Shrinking space for civil society in Kazakhstan

Aina Shormanbayeva, human rights defender and lawyer, highlights the rising phenomenon of shrinking space in Kazakhstan – a theme she will explore during a fellowship with the Prague Civil Society Centre.

Like many other countries across the region, civil society in Kazakhstan is facing the ‘shrinking space’ phenomenon, where the activities of civic actors and groups are restricted and voices deemed to be in opposition, quietened.

Aina Shormanbayeva, a leading human rights defender and lawyer in Kazakhstan, will use a fellowship with the Prague Civil Society Centre, to explore the methods and tools which are being used in this crackdown. This includes both de facto and de jure restrictions on civic groups and civic initiatives.

Aina said: “The goal of the project is to analyse the mechanisms employed for shrinking civic space in Kazakhstan. I will describe the tools used against freedoms of speech, association, peaceful assembly and voluntary activities, as well as the replacement of independent civil society organisations by NGOs loyal to the government.

“I will also look at new laws and policies, as well as propaganda attacks and other tactics used to entrap civil society and deprive it of the right to exist. Furthermore, I will analyse the methods of power and pressure exerted on independent NGOs and activists, such as threats, bribery and provocation.”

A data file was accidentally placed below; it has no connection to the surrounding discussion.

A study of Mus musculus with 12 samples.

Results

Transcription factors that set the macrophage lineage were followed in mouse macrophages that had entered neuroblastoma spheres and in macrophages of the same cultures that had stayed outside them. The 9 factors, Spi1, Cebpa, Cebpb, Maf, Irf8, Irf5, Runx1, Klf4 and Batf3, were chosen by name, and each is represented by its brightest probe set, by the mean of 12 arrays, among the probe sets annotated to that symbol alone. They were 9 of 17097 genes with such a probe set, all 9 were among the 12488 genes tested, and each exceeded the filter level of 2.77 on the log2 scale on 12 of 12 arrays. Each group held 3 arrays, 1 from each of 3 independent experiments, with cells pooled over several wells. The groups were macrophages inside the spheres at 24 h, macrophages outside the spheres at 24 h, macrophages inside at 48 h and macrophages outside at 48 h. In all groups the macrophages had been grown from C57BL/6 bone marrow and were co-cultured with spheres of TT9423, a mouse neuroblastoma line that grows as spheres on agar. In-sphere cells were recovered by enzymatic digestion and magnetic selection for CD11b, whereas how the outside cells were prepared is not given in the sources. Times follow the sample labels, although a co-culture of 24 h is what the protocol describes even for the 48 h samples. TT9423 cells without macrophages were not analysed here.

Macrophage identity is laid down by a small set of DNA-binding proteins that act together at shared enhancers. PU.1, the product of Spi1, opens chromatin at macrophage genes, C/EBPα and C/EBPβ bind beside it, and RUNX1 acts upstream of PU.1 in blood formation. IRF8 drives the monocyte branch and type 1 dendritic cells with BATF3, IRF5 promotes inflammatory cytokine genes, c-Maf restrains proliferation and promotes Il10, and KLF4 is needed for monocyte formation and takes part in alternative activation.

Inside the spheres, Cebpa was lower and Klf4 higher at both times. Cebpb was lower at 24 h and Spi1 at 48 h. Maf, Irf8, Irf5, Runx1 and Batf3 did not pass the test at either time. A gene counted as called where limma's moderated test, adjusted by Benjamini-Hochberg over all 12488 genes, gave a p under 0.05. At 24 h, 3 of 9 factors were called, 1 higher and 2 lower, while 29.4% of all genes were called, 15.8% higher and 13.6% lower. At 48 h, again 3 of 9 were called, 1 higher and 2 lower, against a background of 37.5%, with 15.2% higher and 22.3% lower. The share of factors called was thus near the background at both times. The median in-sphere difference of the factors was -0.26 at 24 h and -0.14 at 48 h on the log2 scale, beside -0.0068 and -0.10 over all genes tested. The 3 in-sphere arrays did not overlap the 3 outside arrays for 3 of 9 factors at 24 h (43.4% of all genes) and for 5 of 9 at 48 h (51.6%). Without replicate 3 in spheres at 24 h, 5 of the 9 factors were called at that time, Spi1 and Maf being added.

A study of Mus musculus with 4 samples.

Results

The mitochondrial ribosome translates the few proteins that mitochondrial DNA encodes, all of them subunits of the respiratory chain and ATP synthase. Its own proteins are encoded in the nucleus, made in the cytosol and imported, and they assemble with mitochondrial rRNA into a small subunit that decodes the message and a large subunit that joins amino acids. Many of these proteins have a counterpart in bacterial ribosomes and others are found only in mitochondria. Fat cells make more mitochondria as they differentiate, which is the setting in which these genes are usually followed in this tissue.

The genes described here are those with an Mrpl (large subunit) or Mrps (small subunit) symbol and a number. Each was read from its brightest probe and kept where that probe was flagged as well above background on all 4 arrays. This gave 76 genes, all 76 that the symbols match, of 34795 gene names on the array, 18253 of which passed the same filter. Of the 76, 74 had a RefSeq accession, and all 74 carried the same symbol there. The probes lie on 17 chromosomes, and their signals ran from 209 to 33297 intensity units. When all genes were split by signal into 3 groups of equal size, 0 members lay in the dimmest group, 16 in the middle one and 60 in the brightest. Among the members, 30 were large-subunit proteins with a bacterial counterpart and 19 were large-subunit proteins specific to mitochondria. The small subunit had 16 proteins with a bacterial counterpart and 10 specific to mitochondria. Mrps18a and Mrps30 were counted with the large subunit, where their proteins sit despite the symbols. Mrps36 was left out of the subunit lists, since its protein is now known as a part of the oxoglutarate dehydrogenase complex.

Given the myriad and complex tools which are being used directly against civil society, Aina said the project “will also look for solutions for independent organisations and activists” to help pushback and preserve civil society in Kazakhstan.

About the author

Aina Shormanbayeva

International Legal Initiative & Prague Civil Society Fellow

Aina is a human rights defender and lawyer in Kazakhstan. She is president of the International Legal Initiative Public Foundation, which provides legal assistance to vulnerable groups including political prisoners, trafficking victims, migrants, refugees and asylum seekers. Aina also studies draft legislation and advises law enforcement agencies, judges and lawyers across Central Asia on human rights issues. She has written widely about law and order in Kazakhstan.